Wesleyan University Press, 2004
n this WWII-era science fiction novel, the protagonist, presumably Olaf Stapledon himself, is sitting around in pre-WWII (1937) England, when he suddenly acquires the ability to teleport his mind through space and visit other worlds. Along with a group of his extraterrestrial disembodied flying friends, he visits world after world only to see them destroyed by fascist dictators, by technology, natural disasters, or by self-deception, by mutual class, race, or species slaughter, or by herd mentality run amuck.
One can imagine, while all this is happening, his wife back in West Kirby, Merseyside, England, saying something like, "Olaf, you get back down here!" But too late, for Olaf is off learning the secrets of the universe.
The galaxy, the protagonist gradually discovers, is filled with highly advanced beings who manipulate the destiny of lesser races through telepathy, creating a galactic utopia. Yet these beings, throughout their quest for the Star Maker, dread finding him. They suspect that when the cosmos awakes, it will find itself "merely a little bubble adrift on the boundless and bottomless ocean of being." They engineer stars and build planets. Only eons later, after surviving a catastrophe on an almost unimaginable scale, does the galactic consciousness finally meet the Star Maker. In that one single moment of monumental effort, the galactic consciousness manages to capture a glimpse of the star maker, only to find that it is unable to bear his blinding reality.
Although that moment is the high point of the universe's existence, the galactic consciousness is devastated when it realizes that the Star Maker does not regard it as an equal. He cares no more about a galaxy teeming with superintelligent advanced beings than a biologist cares about an individual bacterium on a petri dish.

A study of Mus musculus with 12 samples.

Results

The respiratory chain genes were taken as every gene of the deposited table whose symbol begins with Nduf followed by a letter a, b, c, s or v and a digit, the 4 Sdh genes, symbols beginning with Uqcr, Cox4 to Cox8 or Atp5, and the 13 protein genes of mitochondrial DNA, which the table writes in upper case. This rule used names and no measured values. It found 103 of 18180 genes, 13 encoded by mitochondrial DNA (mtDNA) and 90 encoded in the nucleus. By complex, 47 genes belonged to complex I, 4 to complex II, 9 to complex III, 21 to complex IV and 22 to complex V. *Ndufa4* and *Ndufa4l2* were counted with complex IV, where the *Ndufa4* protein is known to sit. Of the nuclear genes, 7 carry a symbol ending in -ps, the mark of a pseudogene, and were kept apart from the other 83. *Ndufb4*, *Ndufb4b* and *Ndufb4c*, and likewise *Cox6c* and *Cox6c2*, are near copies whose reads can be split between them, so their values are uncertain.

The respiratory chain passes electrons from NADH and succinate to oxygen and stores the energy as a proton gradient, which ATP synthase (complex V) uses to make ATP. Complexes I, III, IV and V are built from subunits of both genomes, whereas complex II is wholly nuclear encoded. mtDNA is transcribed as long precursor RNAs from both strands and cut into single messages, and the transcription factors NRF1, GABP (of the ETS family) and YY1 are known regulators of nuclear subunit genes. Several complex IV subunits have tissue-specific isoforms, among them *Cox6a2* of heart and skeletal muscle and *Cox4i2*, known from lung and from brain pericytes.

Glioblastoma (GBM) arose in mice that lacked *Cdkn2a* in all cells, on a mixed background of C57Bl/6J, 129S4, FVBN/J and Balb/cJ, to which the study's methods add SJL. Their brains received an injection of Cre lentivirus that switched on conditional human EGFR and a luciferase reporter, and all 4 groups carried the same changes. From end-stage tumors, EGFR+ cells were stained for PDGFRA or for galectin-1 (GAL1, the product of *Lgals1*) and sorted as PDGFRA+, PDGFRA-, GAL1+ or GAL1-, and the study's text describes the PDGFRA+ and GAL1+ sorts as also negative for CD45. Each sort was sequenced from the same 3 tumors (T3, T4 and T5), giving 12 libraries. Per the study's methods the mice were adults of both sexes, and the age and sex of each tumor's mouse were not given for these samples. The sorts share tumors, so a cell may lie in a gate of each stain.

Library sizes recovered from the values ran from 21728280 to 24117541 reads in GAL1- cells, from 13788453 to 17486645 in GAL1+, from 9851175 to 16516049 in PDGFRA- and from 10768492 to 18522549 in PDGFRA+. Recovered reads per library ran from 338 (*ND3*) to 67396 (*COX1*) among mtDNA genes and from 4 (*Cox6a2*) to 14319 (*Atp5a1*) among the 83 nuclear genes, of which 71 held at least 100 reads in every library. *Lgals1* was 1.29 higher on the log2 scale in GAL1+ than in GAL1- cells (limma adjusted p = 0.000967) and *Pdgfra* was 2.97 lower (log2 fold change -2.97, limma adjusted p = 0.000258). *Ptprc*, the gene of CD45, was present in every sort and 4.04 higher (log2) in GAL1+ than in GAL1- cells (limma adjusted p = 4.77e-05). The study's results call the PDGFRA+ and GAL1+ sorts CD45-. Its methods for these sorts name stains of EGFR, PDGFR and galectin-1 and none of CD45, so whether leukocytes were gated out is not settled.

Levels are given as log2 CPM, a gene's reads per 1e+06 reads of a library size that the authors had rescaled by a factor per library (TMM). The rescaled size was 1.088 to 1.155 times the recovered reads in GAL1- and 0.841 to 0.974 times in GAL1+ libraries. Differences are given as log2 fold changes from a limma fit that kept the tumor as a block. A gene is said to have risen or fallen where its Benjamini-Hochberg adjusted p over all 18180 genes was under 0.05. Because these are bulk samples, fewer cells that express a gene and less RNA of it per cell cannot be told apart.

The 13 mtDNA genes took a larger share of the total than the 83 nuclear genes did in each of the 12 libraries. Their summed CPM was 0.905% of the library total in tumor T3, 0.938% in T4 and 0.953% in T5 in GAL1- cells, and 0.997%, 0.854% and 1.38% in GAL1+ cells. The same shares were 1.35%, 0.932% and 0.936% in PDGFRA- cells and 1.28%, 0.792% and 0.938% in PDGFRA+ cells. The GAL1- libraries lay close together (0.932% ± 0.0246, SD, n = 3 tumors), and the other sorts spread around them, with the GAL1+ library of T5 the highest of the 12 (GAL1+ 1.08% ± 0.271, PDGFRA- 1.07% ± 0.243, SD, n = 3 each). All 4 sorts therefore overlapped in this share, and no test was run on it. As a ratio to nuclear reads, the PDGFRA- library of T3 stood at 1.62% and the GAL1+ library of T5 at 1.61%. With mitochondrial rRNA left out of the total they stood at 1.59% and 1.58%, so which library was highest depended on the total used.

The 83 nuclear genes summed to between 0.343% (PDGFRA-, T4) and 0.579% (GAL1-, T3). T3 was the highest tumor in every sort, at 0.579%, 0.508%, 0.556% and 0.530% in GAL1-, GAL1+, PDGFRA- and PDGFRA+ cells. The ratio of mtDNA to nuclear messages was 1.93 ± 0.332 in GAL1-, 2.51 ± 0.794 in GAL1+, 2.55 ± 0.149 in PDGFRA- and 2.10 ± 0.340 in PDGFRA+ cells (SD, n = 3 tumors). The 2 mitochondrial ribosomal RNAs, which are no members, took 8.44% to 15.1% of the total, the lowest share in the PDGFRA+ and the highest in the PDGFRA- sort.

If the purpose of science fiction is to stretch the human imagination, this book was a spectacular success. Stapledon's ideas have had an enormous influence on later science fiction writers as well as scientists like Freeman Dyson, who regards it as one of the finest books ever written. Although Stapledon, like the vast majority of fiction writers, was unable to completely rise above the preoccupations, presuppositions, and politics of his era, Star Maker was the first to depict such an imaginative menagerie of physical types, far surpassing that in later works like Star Wars. Stapledon's work focuses on the vast scale of civilization, its creation and destruction. He was clearly influenced by the historian Oswald Spengler, who viewed civilizations as biological organisms that are destined from the beginning to grow old and die.
Elsewhere, Stapledon compared the universe to cigarette smoke produced by God, who smokes a cigarette while engaged in his real task, which is building heaven. Despite its age, Stapledon's cosmology, with its pitiless deity who, for reasons unknown, repeatedly creates new and improved universes, and the cosmic scope of this work---from the big bang to the heat death of the universe---make this book well worth reading.